Virginia Grosz understands how scary coming to a new school is.

The eighth grader moved to Brookings with her family in the middle of her sixth grade year and didn't know anyone.

Oregon was colder than warm, sunny San Diego from where she had moved and she felt out of place as she bundled up, not used to the weather.

"It was weird. I dressed a little different and it was hard to make friends," she said.

This year, she has the opportunity to help other students make the transition.

Grosz and about 30 of her fellow eighth graders spent two days this week preparing to be leaders for the Azalea Middle School's Where Everyone Belongs (WEB) program.

The program, which tries to make new students feel more welcome on their first day of school, is led by eighth graders who are trained to do activities designed to help new kids fit in and deal with first-day jitters.

Besides this year's incoming sixth grade class, the middle school is also expecting 30 new seventh and eighth graders.

"We try to welcome them in," said Jason Fulton, teacher at Azalea and counselor for the WEB program. "They will know some the students from years past, but they are still nervous."

Fulton said the program hopes to cut down on bullying of new students and is a nice way to welcome students to middle school.

"Especially for people who move to the district from somewhere else, WEB is helpful," said Averi Carroll, an eighth grader and WEB leader.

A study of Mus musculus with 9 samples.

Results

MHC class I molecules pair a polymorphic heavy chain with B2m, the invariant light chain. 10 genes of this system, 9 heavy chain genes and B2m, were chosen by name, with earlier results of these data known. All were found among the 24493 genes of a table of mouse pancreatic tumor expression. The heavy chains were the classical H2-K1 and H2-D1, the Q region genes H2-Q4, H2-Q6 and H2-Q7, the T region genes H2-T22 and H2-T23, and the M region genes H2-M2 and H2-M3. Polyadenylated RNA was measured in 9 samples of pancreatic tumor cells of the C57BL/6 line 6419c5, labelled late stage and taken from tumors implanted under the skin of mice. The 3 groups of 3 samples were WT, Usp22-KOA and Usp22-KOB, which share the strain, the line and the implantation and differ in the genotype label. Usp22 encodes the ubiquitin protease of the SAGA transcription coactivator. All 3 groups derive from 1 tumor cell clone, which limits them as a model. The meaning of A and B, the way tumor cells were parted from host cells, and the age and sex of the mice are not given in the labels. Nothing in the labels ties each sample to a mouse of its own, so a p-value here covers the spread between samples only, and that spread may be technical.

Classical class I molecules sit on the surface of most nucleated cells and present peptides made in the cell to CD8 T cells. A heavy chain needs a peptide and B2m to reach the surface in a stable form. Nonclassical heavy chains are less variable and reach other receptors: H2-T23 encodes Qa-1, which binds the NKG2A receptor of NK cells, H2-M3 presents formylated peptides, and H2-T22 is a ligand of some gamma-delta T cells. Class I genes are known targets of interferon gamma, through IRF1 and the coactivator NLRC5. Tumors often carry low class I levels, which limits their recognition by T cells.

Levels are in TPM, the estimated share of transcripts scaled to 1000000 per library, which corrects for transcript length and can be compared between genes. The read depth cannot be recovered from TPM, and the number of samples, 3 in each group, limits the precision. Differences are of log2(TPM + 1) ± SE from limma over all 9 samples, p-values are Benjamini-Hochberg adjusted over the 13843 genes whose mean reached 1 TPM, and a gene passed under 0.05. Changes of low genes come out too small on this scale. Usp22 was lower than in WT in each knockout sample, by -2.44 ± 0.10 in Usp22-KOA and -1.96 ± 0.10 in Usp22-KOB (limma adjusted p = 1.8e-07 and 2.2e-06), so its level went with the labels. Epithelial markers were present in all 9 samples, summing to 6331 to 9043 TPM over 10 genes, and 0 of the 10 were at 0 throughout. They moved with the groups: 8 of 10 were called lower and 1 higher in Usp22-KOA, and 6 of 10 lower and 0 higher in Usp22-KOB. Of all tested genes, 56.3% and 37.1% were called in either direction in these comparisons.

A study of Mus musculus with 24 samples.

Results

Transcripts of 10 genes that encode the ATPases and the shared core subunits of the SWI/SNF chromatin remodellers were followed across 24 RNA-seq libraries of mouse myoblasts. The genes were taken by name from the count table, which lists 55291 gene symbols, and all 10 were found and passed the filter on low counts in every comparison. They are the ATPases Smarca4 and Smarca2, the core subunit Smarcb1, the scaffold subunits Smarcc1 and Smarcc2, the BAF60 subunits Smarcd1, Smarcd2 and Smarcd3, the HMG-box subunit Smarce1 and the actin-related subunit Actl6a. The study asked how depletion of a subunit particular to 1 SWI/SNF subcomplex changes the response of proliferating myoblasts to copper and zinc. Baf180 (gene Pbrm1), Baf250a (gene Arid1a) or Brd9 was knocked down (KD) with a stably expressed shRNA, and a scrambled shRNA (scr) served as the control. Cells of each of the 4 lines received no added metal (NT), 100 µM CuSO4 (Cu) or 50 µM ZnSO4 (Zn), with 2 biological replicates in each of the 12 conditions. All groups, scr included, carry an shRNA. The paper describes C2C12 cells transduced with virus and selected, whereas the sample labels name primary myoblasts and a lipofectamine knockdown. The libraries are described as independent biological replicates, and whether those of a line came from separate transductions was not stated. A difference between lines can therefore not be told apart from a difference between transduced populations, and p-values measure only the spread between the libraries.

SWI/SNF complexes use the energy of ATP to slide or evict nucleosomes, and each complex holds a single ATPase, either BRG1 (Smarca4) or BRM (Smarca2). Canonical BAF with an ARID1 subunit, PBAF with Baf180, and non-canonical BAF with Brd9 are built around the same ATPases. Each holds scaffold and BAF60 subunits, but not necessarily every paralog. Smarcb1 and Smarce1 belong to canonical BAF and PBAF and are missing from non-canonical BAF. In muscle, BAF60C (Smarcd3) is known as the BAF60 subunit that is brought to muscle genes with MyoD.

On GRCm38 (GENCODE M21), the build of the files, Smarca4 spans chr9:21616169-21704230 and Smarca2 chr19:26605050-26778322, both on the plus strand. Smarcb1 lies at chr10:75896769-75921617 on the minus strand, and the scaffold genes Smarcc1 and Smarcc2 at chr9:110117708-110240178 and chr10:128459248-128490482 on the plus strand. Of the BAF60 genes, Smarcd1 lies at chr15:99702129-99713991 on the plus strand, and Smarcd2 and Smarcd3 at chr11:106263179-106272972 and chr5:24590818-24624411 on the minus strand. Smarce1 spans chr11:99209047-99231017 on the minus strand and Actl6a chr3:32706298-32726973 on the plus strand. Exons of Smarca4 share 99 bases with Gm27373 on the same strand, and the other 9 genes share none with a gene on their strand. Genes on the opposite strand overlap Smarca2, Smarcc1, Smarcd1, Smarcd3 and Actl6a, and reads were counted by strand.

Grosz hopes to be a good WEB leader and not just go through the motions. She says she will learn the names of those in her group, interact with them and be there for them when she needs to be.

"I want to make people realize middle school might not be as bad as they think," Grosz said.

Other students said the success of the program depends on the student leaders. Some recounted how their leaders did not seem excited to be there or did not make them feel very welcome. Others said the program had made them feel welcome and helped them integrate into the school better.

"It gives you some people you know on the the first day and it gives you some people to talk to," said Emma Leonard, an eighth grader and WEB leader.

The student-run program teams two eighth graders with a group of new students. The hope is that, if new students know at least two students, they will have someone to connect with during the first few weeks.

During the first day of school, there is an assembly to welcome students. The WEB leaders then do a variety of team building and getting-to-know you exercises with the new students. The sixth grade students then spend the afternoon with their teachers, getting settled into their new school.

The leaders participated in two days of training, for a total of about 10 hours, to prepare for the first day of school.

Even though they are giving up a little bit of the final moments of their summer vacation, the student leaders seemed enthusiastic about being a part of WEB.

"When I was in sixth grade, my WEB leaders made me feel welcome," said Jacob Gallego, an eighth grade WEB leader. "I had just moved from Texas. I didn't know anyone at all and (my WEB leaders) were my first friends."